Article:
Motor vehicle injuries are the leading cause of death among people younger than 35 nationwide, with South Carolina vying with Louisiana and Montana for the worst fatal-wreck rate in the country.

That's one reason Mount Pleasant police aggressively enforce traffic laws, said Harry Sewell, the department's chief. "The whole goal is to get the motoring public to follow traffic laws so we have safer streets."

In 2009, Mount Pleasant's Municipal Court handled more than 7,000 speeding and careless driving cases, according to a corrected Watchdog analysis of the court's operations.

Because of a reporter's error, Watchdog earlier this month reported that the court handed 1,463 cases in 2009. In fact, that total was only for January 2009. For the entire year, the court handled nearly 16,000 cases. More than half involved traffic-related cases.

Of the 5,582 speeding tickets handled by the court, for instance, 5,090 were made for going less than 10 mph over the limit, records show. These numbers, however, don't show that many motorists likely were driving more than 10 mph over the limit, Sewell said. "A lot of times we'll give someone a break on the street." He said that officers typically write the actual speed recorded on the back of the ticket.

The court also handled nearly 1,600 careless driving charges and 297 driving under the influence cases. More than 2,200 seat belt violations went through the court, violations that Sewell said are part of a statewide effort to encourage people to buckle up. "It saves lives."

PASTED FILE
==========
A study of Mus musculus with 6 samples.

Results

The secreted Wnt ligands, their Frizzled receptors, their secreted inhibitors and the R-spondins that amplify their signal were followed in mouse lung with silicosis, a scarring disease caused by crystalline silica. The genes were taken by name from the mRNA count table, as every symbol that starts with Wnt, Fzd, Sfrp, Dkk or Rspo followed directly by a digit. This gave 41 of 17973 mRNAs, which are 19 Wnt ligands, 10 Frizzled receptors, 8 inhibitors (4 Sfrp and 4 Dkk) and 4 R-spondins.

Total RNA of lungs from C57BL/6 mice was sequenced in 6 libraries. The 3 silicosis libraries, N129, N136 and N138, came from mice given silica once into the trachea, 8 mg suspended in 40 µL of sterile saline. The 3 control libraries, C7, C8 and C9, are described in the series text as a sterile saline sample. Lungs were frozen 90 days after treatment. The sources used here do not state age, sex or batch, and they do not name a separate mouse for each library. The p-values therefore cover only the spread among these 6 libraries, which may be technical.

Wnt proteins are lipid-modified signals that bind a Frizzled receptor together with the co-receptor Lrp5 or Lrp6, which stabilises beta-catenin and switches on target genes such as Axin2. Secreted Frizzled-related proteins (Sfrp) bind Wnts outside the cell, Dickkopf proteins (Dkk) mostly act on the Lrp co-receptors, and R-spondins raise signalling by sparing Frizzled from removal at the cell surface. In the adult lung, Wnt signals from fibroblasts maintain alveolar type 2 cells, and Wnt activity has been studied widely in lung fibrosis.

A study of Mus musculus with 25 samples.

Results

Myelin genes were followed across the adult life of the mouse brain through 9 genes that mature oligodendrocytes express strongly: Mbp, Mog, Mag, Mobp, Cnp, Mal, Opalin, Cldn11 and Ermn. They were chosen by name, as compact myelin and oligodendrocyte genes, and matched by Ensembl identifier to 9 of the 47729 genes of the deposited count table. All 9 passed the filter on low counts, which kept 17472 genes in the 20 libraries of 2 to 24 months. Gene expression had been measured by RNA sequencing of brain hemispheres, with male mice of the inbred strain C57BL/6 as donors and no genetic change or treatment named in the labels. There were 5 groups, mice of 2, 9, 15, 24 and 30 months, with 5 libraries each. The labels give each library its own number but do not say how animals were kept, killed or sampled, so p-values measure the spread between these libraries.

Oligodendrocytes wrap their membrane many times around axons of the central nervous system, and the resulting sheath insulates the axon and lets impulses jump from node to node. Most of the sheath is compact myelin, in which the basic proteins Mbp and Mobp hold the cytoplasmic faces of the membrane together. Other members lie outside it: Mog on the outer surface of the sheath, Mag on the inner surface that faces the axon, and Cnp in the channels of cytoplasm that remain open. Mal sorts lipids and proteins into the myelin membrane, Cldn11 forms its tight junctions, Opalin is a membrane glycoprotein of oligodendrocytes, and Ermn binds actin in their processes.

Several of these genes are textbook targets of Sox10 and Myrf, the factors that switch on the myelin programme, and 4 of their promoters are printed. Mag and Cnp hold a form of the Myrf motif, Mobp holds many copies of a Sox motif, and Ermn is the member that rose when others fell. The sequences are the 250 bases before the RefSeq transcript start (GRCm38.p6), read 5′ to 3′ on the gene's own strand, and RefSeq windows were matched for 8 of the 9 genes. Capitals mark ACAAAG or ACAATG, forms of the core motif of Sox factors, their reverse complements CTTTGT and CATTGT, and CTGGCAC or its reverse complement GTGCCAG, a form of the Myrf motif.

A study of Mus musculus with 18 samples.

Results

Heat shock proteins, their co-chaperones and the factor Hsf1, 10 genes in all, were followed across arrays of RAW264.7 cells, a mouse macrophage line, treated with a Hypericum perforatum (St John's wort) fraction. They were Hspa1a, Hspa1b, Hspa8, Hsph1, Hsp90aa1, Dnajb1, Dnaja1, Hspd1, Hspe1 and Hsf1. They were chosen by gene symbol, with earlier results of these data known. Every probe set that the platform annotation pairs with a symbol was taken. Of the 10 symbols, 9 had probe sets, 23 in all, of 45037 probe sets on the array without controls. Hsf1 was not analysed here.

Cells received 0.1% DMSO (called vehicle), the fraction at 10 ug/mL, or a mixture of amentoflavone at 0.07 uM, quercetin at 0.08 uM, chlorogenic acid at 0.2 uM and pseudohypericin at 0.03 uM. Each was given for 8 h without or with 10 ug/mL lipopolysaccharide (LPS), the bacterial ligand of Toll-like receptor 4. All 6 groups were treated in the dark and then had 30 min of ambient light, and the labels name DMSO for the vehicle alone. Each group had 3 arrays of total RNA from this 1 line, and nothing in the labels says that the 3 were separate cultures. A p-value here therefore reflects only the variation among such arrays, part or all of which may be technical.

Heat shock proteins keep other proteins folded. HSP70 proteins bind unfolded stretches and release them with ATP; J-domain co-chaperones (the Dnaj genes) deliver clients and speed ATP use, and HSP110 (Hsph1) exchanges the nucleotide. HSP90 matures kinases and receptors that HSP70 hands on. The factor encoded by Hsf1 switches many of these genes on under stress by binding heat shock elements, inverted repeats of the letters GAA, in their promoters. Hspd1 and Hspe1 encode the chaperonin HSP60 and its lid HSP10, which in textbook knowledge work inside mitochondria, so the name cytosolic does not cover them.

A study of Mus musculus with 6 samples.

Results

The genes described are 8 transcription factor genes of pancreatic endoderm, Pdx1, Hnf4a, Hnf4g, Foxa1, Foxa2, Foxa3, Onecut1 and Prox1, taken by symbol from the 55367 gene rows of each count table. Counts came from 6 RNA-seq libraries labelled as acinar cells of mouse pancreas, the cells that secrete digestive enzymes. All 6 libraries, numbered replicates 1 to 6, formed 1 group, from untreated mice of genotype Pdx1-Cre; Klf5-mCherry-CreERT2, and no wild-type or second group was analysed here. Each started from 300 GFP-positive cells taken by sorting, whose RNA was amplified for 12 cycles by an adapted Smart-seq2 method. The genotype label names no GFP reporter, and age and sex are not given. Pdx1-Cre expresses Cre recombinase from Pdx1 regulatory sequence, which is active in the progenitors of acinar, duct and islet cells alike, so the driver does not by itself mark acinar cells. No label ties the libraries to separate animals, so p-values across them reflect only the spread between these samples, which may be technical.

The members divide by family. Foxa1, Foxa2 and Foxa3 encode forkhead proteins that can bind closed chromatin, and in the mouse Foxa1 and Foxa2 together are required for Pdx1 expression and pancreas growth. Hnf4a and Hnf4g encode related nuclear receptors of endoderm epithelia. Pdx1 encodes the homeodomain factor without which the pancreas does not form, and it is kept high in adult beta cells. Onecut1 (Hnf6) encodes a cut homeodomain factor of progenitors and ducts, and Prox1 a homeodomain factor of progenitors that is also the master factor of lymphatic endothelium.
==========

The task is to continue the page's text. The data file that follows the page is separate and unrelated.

Mount Pleasant police typically look for speeders in areas that have a history of wrecks, Sewell said, adding that the department also will station officers in areas where residents complain about high speeds.

Unlike Beaufort, Conway and an increasing number of towns and cities in South Carolina, Mount Pleasant, North Charleston and Charleston don't have searchable online databases for their municipal courts, making it difficult for people to do background checks and track court trends.

Mount Pleasant and North Charleston supplied electronic data on municipal court cases to Watchdog in response to requests under the South Carolina Freedom of Information Act. The city of Charleston, meanwhile, posted information on its website about municipal court cases handled during the past three years, the first time the city has done so.

Reach Tony Bartelme at 937-5554 or tbartelme@postandcourier.com.